You know… I wonder lately why newer laptops roll out with all the bells and whistles but the manufacturers hide the harddrives so inconspicuously. You would have to remove the whole front or bottom of the laptop to get to the harddrive. What reason? I don’t know! No wait, I do know!!! They want you to bring it in for repair and or services and charge you an arm and a leg for labor!

Before, they had harddrives conspicuously hidden on the side of the laptop or on the bottom with a plastic/metal cover shroud over it. That was easy to access and easy to upgrade harddrives at will. Not now-a-days. The reason why I bring this topic up is because harddrives are prone to failure within many years of service and sometimes they just die at a very early stage during their service… What the hell do you do if you have harddrive failure? Opps, got to take it in because I can’t get to it or I migh void my warranty… How long does warranty process these repairs? Weeks! When do you need your lapper? You want it NOW dammit: not three weeks later!

If you are like me, whom restore their systems quite often… Why? Well it only takes 5-8minutes to restore my system with Norton Ghost… Does lappers allow you to do this efficiently? NO. Why? Because they come pre-installed with some type of operating system (XP or Vista for example) and all these systems that are pre-installed, will only restore to one partition… Here is a typical harddrive setup for lappers:

If you take a look at the above photo, you see that you only have one partition in lappers… I like to have two partitions; one for your operating system and the other to make backups of that operating system. The reason is because sometimes your lapper decides to slow down and or act flaky and instead of losing everything with the restore disk (newer lappers don’t come with restore CDs dammit), you can restore it from the Norton Ghost (Ghost) file. Do you see that EISA partition? I call it the ghost partition because you can’t see it. That partition is the restore partition and it is required for the system to operate (some manufacturers).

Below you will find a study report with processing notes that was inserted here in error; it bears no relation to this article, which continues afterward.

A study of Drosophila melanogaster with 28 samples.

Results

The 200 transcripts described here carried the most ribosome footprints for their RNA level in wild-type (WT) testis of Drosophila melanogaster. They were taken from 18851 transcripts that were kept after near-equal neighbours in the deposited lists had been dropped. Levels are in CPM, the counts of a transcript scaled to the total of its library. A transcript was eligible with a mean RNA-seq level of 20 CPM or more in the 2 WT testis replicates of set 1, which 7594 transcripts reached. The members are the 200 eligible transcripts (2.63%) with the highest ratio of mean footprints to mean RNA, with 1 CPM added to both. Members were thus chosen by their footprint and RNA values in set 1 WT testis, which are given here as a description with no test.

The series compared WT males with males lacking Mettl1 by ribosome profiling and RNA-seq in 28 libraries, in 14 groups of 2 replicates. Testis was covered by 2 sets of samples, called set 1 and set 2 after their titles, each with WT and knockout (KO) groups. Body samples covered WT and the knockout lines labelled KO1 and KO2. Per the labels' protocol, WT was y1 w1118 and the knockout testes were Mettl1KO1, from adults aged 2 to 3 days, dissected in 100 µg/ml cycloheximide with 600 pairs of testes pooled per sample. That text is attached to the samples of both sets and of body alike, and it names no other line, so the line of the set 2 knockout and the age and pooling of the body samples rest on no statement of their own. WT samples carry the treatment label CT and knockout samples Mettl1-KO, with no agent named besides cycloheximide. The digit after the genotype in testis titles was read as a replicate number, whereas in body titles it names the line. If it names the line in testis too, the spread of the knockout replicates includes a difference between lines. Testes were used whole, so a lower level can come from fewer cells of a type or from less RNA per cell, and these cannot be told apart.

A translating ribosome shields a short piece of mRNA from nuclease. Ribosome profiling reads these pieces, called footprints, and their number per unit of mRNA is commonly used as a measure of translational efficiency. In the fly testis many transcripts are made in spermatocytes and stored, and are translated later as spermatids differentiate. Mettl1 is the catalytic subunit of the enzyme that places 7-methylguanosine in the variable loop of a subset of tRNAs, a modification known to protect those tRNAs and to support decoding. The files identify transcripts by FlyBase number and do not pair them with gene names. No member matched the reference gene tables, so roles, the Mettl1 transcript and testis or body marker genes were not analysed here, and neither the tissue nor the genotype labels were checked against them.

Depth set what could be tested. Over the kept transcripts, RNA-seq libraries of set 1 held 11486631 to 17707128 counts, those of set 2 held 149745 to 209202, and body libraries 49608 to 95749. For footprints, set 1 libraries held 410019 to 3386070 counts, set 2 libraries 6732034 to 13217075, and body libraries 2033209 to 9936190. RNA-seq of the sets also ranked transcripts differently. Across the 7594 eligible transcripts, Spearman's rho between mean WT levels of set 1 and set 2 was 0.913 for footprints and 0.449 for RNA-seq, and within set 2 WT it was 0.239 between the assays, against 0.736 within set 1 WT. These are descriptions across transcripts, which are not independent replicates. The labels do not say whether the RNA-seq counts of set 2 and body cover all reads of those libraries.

The way I setup my partition is this: You need two partitions (excluding the EISA partition), one 30Gig and the rest the second partition for full system backups. In order to do this, you are required to take out the harddrive to first backup the system using Ghost. Then make the two partitions, then do the restore. The logic behind this is because the lapper comes with the pre-installed operating system with all drivers; you can’t use the restore disk to install a new operating system on the 30Gig partition because the OEM restore disk won’t allow it. You can do this without removing the harddrive by reinstalling everything and that requires a new operating system to be purchased.

If you have a lapper, I highly recommend this type of partition setup for efficiency. Nothing beats a system restore that can be done in less than 15minutes. Norton Ghost is a life saver! Harddrive failure, virus, wacky systems etc- all pay tribute to a quick system restore. If you don’t have Ghost, you obviously are quite brave!

FYI: Sony & Toshiba Lappers do not require the EISA partition. IBM Lenovo 2005–? requires the EISA partition. I know this because I have had to do it with dozens of lappers for friends and family. My newest trail was with a Dell Vistro. I gave up because I wasn’t going to take the lapper apart to get to the harddrive… The harddrive is hidden somewhere within the shell. Not worth taking the risk of voiding the warranty!